For a photographer who’s invested in an entire system whether you are a hobbyist, part time or full time pro it becomes difficult not to have your system with you whenever you shooting. Every so often, maybe even on a regular basis, it is good to simplify and go with the mentality that “less is more.”
I recently read another excellent PDF by Photoshelter titled: “Selling Nature Photography”. One of the shooters profiled, Martin Bailey, in his “Tips from the Field” sidebar, it reads in part: “keep your load light and you might increase your hours in the field.”
My backpacking trips force the issue of simplifying my equipment. Besides photography what I really like about backpacking is that is also simplifies life. At the start of a trip I’m always wondering if I can produce a compelling body of marketable images with just one lens and one strobe. After a few days of life simplified on the trail my senses sharpen up, I’m in tune with the light and I begin seeing more clearly and creatively. When this happens I begin feeling confident that I can make good images.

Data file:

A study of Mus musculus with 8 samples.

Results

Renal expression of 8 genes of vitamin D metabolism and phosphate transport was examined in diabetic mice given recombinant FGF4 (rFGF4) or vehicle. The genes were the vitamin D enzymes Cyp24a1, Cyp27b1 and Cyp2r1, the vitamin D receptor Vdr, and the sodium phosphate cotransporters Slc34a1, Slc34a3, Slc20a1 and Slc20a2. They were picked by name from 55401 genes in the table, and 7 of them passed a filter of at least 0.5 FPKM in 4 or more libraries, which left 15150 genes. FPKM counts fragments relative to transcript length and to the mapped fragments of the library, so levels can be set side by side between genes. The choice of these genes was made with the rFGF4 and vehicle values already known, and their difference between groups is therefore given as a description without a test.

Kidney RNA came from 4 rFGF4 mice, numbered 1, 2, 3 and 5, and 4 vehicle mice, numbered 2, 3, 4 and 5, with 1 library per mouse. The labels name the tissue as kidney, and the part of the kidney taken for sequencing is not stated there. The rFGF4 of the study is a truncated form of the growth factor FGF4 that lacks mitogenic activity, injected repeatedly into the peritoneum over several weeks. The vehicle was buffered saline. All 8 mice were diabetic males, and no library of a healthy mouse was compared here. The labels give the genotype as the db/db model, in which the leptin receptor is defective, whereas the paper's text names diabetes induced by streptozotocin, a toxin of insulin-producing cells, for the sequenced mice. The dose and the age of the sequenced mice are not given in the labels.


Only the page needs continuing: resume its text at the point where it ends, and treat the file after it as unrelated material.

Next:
This latest trip to the North Cascades was put together by my good friend John Hoffer who’s been a long time resident of Washington State. We started at Harts Pass where it intersects the Pacific Crest Trail near 7000 feet and hiked 43 miles to Ross Lake at 1600 feet finishing at Ruby Creek Trailhead along Highway 20. Most of the time was spent in the Pasayten Wilderness. All but the last day was spent between 4500 and 7000 feet. I was amazed by the wildflowers still abundant in the first week of September. In addition to some sample images, here are the particulars on my camera outfit.
I take one body and lens, a Canon 24-70/2.8L. It’s a heavy sucker but I just love the image quality of the heavy L lenses. Yes there are times when I am frustrated, longing for a 100 macro, a 200, or my trusty 20mm. But I force myself to see how this one lens sees, staying within its limitations. The camera and lens, a polarizer, a 3-stop, hard edge ND grad filter, cable release, 4-16gb cards and lens cloth all fit in a Clik Elite chest pack that fits a pro body with 70-200. It comes with a harness and 4 clips that attach to a backpack. It rides nicely on the front of the pack and gives me easy access to my camera all day long. I take one strobe with off camera cord with a couple of gels that weigh next to nothing.
I have the lightest Gitzo carbon fiber tripod made with a Really Right Stuff B-30 head. On this trip, the sunset we had on Devil’s Dome with 360 degree views of the North Cascades was worth the anguish of carrying that extra 3lbs.